An Oval Office Brawl Over Transgender Kids: 7 Things We Know About the DeVos-Sessions Showdown
On Wednesday, the Trump administration made the decision to remove federal protections for transgender students to use bathrooms that align with their gender identity. The Education and Justice departments released a "Dear Colleague" letter, stating that the previous guidance from the Obama administration did not adequately explain how Title IX covers gender identity. They also emphasized the importance of state and local school districts in setting educational policies.
There is now speculation about the potential impact of this move on the pending Supreme Court case involving Gavin Grimm, a transgender teenager who took his Virginia school district to court.
While advocates for student rights are primarily concerned about student safety, political commentators are also noting that this marks the first major clash between President Trump’s cabinet appointees. This disagreement pits Attorney General Jeff Sessions against Education Secretary Betsy DeVos.
Here are seven key things we know about this significant divide in the Oval Office over education, as reported by The New York Times, The Washington Post, and Politico:
1. The debate over the transgender bathroom guidance was expedited due to ongoing court cases, according to The New York Times. DeVos prioritized this issue within just two weeks of taking office.
2. The Washington Post first reported that DeVos expressed objections to reversing the Obama administration’s guidance on transgender accommodations. Politico then revealed that she aimed to slow down the process by seeking public input through a notice and comment period. Multiple news outlets subsequently reported that she disagreed with Sessions and opposed the rescission of the Obama administration’s protections.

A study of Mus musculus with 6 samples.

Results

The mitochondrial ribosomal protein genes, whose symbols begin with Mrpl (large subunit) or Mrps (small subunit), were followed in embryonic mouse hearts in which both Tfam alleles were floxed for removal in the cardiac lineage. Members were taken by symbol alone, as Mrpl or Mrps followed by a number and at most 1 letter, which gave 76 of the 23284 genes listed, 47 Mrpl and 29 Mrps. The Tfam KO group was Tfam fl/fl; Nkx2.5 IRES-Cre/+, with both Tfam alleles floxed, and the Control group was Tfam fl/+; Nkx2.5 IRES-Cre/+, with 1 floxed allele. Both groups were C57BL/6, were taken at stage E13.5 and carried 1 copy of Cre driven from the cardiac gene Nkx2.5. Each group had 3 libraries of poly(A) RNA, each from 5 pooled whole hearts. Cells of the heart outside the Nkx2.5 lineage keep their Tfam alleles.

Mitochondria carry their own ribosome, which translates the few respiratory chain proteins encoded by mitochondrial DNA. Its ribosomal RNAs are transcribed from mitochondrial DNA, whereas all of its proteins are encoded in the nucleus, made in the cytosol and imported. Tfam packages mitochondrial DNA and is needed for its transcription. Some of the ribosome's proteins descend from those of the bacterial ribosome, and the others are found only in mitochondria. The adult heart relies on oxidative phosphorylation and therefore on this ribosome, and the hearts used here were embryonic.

3. The New York Times reported that Sessions approached President Trump about his objections to DeVos’s stance: "After failing to make headway, [Sessions] took his concerns to the White House because he needed [DeVos’s] approval to proceed."
4. Trump subsequently met with DeVos, who restated her opposition to rescinding the protections. Politico stated that their disagreement escalated into an argument in the Oval Office in front of the president.
5. The Times reports that Trump ultimately sided with Sessions, instructing DeVos to drop her opposition and ordering the rescission of the bathroom directive. "Faced with the choice of resigning or defying the president, Ms. DeVos agreed to comply."
6. However, the dispute did not end there. When the Education and Justice departments released their joint letter rescinding the protections on Wednesday, it stressed the importance of protecting transgender students from bullying. Politico and the Times noted that DeVos insisted on including this language. The final version of the letter reads, in part: "Please note that withdrawing these guidance documents does not mean that students are without protection from discrimination, bullying, or harassment. … All schools must ensure that LGBT students, like all other students, can learn and thrive in a safe environment."
7. DeVos also immediately issued her own statement and tweet, emphasizing the need to protect LGBT students and stating that it is a federal obligation to do so. Her statement asserted that "we have a responsibility to protect every student in America and ensure that they have the freedom to learn and thrive in a safe and trusted environment… This is not just a federal mandate, but a moral duty that no individual, school, district, or state can evade." She further declared that the Office for Civil Rights at the Department of Education will continue to investigate claims of discrimination, bullying, and harassment against vulnerable students.
In summary, this decision by the Trump administration to withdraw federal protections for transgender students using bathrooms according to their gender identity has sparked controversy and highlighted divisions within the cabinet. While some focus on student safety, others are analyzing the clash between Attorney General Sessions and Education Secretary DeVos.